To Create Jobs, Salinas Seeks to Tap Into the Ag-Tech Boom

This smart tractor manages rows of lettuce, with help from a Macbook. Credit: Foothill Packing, Inc.
This smart tractor manages rows of lettuce, with help from a MacBook. (Foothill Packing Inc.)

Today, mayors from around the country are gathering in New York to talk about how they can rebuild their economies by courting technology companies.

Salinas already has a plan in place. The city just south of Silicon Valley is trying to capitalize on its lettuce fields by turning them into laboratories for tech entrepreneurs.

Tom Taggart, for example, has driven a lot of tractors. But the nearly 3-ton hunk of metal parked by a field in Salinas is smarter than the others.

He points to the dashboard and a screen where the rearview mirror would be. “Inside this compartment up here we’ve mounted a mini Mac computer, and it houses the lettuce program that does all this magical stuff,” Taggart said.

Taggart is the technology director at Foothill Packing, a firm that farmers hire to manage their fields. He built this device to thin out crops. It uses cameras and sensors to create perfectly symmetrical rows of leafy greens.

Taggart said farmers can be quite skeptical. “When I come out here and say I’m pixelating their crop, they think I’m really doing something bad to it.”

Taggart assures them he’s not. He’s just gathering data for a MacBook program that directs the spray nozzles on the tractor.

The final product is heads of lettuce that are exactly 10 inches apart – not a quarter-inch off.

A city turned seed investor

The smart tractor seems slick. But it’s pretty simple when you consider how far along cameras and sensors and wireless Internet have come, and how little the big farms have invested in digital tools.

There’s a lot of low-hanging fruit — no pun intended — that could change the game. The city of Salinas is trying to get in on the ag-tech boom by becoming an investor.

Ray Corpuz is the city manager. He notes that beach towns pay ad agencies to attract tourists. But Salinas doesn’t have beaches. What it does have, Corpuz said, are the best lettuce fields in the country. So, the city is marketing itself as the perfect laboratory for ag tech.

The public-private partnership includes a new nonprofit called the Steinbeck Innovation Foundation -– named after John Steinbeck, a Salinas native who set his classic “The Grapes of Wrath” largely on California farms — and a new venture capital fund that will invest in technologies that help the area’s agricultural industry.

“We’re setting up a new business model actually for most local governments, for most cities,” Corpuz said. “None of them in this state of California are doing this.”

Corpuz said this is a dramatic move for Salinas. The midsize town is known for gang violence and high unemployment. Last year the city’s largest employer, Capital One Bank, shut down its local branch. More than 800 people lost their jobs.

“That’s a lot of people, so the economic setback was probably $60 million annually in payroll, which was a big hit for us,” he said.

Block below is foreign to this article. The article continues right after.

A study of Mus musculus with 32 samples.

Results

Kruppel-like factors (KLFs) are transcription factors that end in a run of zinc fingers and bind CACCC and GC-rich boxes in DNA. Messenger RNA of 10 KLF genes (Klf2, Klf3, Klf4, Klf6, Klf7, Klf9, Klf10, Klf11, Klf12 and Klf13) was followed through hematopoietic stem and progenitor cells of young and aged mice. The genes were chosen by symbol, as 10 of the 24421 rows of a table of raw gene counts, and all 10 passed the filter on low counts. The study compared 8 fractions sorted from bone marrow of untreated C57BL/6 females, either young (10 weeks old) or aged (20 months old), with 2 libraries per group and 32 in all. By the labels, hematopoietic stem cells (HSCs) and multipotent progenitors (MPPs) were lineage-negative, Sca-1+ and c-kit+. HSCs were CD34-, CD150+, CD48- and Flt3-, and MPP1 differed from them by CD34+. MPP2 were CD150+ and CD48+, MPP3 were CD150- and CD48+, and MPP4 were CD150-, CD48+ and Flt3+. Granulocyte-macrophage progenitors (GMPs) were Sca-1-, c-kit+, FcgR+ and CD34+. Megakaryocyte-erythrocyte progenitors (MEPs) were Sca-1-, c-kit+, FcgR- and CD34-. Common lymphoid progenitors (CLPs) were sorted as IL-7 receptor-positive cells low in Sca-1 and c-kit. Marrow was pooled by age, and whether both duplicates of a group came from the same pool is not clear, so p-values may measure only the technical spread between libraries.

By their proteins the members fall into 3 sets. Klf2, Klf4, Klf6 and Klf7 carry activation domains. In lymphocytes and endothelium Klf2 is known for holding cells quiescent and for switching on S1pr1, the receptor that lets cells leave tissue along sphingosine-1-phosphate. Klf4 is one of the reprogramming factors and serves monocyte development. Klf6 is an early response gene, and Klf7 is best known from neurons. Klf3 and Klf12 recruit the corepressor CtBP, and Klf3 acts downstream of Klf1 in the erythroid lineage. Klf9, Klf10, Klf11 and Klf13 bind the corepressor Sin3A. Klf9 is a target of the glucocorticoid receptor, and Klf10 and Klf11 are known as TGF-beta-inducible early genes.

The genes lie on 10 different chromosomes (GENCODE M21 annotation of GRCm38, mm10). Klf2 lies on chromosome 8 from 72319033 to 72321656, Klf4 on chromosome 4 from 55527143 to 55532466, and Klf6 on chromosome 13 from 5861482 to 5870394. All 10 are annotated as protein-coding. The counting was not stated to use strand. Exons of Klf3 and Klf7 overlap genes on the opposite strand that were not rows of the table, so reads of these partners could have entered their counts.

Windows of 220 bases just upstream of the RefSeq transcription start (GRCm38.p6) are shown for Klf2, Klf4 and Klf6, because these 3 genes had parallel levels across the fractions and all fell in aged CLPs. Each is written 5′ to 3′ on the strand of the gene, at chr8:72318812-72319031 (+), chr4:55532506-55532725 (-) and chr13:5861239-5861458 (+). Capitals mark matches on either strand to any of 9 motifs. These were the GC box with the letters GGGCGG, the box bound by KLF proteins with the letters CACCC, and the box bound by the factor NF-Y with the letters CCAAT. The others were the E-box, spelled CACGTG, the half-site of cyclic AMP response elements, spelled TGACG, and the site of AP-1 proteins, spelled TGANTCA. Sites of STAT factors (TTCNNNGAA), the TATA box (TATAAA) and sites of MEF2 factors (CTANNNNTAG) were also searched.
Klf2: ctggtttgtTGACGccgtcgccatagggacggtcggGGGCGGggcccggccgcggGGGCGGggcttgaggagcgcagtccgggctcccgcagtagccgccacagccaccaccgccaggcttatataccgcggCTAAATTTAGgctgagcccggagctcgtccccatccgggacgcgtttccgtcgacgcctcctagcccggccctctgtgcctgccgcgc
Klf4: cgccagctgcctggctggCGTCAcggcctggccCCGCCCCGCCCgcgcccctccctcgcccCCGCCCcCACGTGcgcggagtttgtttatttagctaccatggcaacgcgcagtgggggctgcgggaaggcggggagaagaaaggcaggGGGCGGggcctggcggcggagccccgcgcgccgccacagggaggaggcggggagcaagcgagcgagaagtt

Monterey County got federal and state grants to help laid-off workers rewrite their resumes. Salinas didn’t have access to similar funding because California shut down redevelopment programs for cities.

So, Salinas decided it would try to help create jobs by becoming a startup incubator. Corpuz said that when he tells other city managers, they look at him a bit cross-eyed and say, “It’s risky. Sounds like a great idea, but it sounds risky.”

A new venture fund

Salinas is paying SVG Partners, a venture capital firm based in San Jose, $180,000 to attract ag-tech investors and build links between local residents and Silicon Valley.

John Hartnett is the investor leading the project. He said cities need to spend less money on research and more on real-world plans.

“I didn’t need to spend a year to produce a report because it’s so obvious what needs to be done,” Hartnett said. “In many cities it’s obvious. It’s about taking the risk of execution.”

Silicon Valley’s venture-capital community already has a big appetite for clean tech. Hartnett said he can tap into that appetite for new ag-tech companies, and also get capital from the multi-billion-dollar farm industry based in the county.

Andrew Fernandez, vice president of raw product at Taylor Farms, based in Salinas, said his company is struggling with a labor shortage, as seasonal workers increasingly stay in Mexico.

“All the farms are competing with each other for labor. We need machines and tools that help ease the need,” Fernandez said. “The workers just aren’t here.”

Hartnett said he can raise $50 million for the new Salinas venture fund by January.

That goal is not legally binding. But Hartnett said, referring to the city manager, “If I’m not delivering, you know, he can fire me.”


Aarti Shahani is a reporter at KQED, focusing on business and technology. She came to San Francisco as a Kroc Fellow with NPR. She was part of the ProPublica team awarded an Investigative Reporters & Editors Award for Post Mortem – a series examining the unregulated coroner and medical examiner industry. Shahani got her Master’s in Public Policy from Harvard’s Kennedy School of Government, supported by the Paul & Daisy Soros Fellowship and a Public Service Fellowship. She studied globalization as an undergraduate at the University of Chicago. She was raised in Flushing, Queens – in the nation’s most diverse zip code.